On the first of June 2021, Ferdinand Choong, Ebba Biotech's co-founder, and Assistant Professor at Karolinska Institutet and AIMES (Center for the Advancement of Integrated Medical and Engineering), presented his research using Ebba Biotech's optotracers at the digital event Lab & Diagnostics of the Future 2021, held by Life Science Sweden.
At this event, Ferdinand spoke about Ebba Biotech's optotracers multifunctional tracer for disease research and diagnostics. He explains the technical concept in large and Ebba Biotech's three product series,
Amytracker - used to detect amyloids and other protein aggregates,
Ebba Biolight - used to detect bacteria and biofilm,
Carbotrace - used for mapping composition of biobased material.
At AIMES, Ferdinand is applying optotracing to improve research and diagnostics of infection, where bacterial infection has a significant role, and biofilm might be the key reason why bacterial infection exists, which he describes in more detail.
Researchers from the Royal Institute of Technology and Karolinska Institutet in Sweden reported about an environmentally friendly process to obtain pure cellulose nanofibrils from the green macroalgae ulva lactuca (Wahlström et al. (2020) Cellulose 27, 3707–3725). Analysis of the monosugars revealed that the extracted cellulose contains mainly glucose, but also a fraction of xylose. Carbotrace 540 allowed the researchers to analyze the carbohydrates in its polymeric state and was key to uncover that the macroalgae contain a mixture between highly pure and a xylose-glucose polysaccharide, such as xyloglucan.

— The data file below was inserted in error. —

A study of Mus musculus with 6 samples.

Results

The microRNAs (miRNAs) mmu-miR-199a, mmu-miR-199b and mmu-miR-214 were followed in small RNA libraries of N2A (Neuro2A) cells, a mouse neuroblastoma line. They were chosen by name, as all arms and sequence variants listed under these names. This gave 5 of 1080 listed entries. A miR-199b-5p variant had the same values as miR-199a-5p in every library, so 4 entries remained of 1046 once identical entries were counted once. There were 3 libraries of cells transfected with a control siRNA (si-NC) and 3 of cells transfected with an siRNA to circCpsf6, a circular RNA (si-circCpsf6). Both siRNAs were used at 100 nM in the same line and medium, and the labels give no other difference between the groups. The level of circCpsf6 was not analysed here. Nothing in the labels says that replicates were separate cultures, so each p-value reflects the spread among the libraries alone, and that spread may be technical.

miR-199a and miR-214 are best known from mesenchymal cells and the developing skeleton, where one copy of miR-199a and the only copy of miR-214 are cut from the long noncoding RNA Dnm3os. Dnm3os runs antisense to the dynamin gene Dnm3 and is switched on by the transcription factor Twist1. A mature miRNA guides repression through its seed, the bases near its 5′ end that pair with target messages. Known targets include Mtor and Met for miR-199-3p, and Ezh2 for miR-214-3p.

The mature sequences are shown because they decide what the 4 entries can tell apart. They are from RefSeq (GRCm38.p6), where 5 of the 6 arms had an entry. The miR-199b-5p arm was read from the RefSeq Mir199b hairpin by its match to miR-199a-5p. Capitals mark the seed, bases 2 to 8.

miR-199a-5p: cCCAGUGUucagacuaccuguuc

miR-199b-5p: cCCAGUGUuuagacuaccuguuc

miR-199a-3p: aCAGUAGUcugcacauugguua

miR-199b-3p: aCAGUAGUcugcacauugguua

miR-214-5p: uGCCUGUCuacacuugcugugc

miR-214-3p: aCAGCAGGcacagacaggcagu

The video clip shows the eco-friendly extraction of of pure cellulose from green macroalgae from the Swedish west coast.
A research paper (Choong et al. (2018) Scientific Reports, 8, 3108) uses a Carbotrace-like molecule to visualize the location and structure of cellulose in plant cells.
The video below explains why it is so difficult to switch to plants for producing renewable resources and how Carbotrace can help in the process.
In a research paper published in Cellulose (Choong et al. (2019) Cellulose, 26, 4253–4264), our structure-responsive optotracer molecule Carbotrace 680 was used to demonstrate the potential of optotracing for carbohydrate anatomical mapping and spectral imaging.
The video clip below illustrates why our current model of Take, Make, Dispose is draining our planet of natural resources and why circular economy and renewable resources are the answer. Learn how Carbotrace can help to identify renewable resources in plant biomass and support circular economy in the food & beverage, pharmaceutical and chemical industry.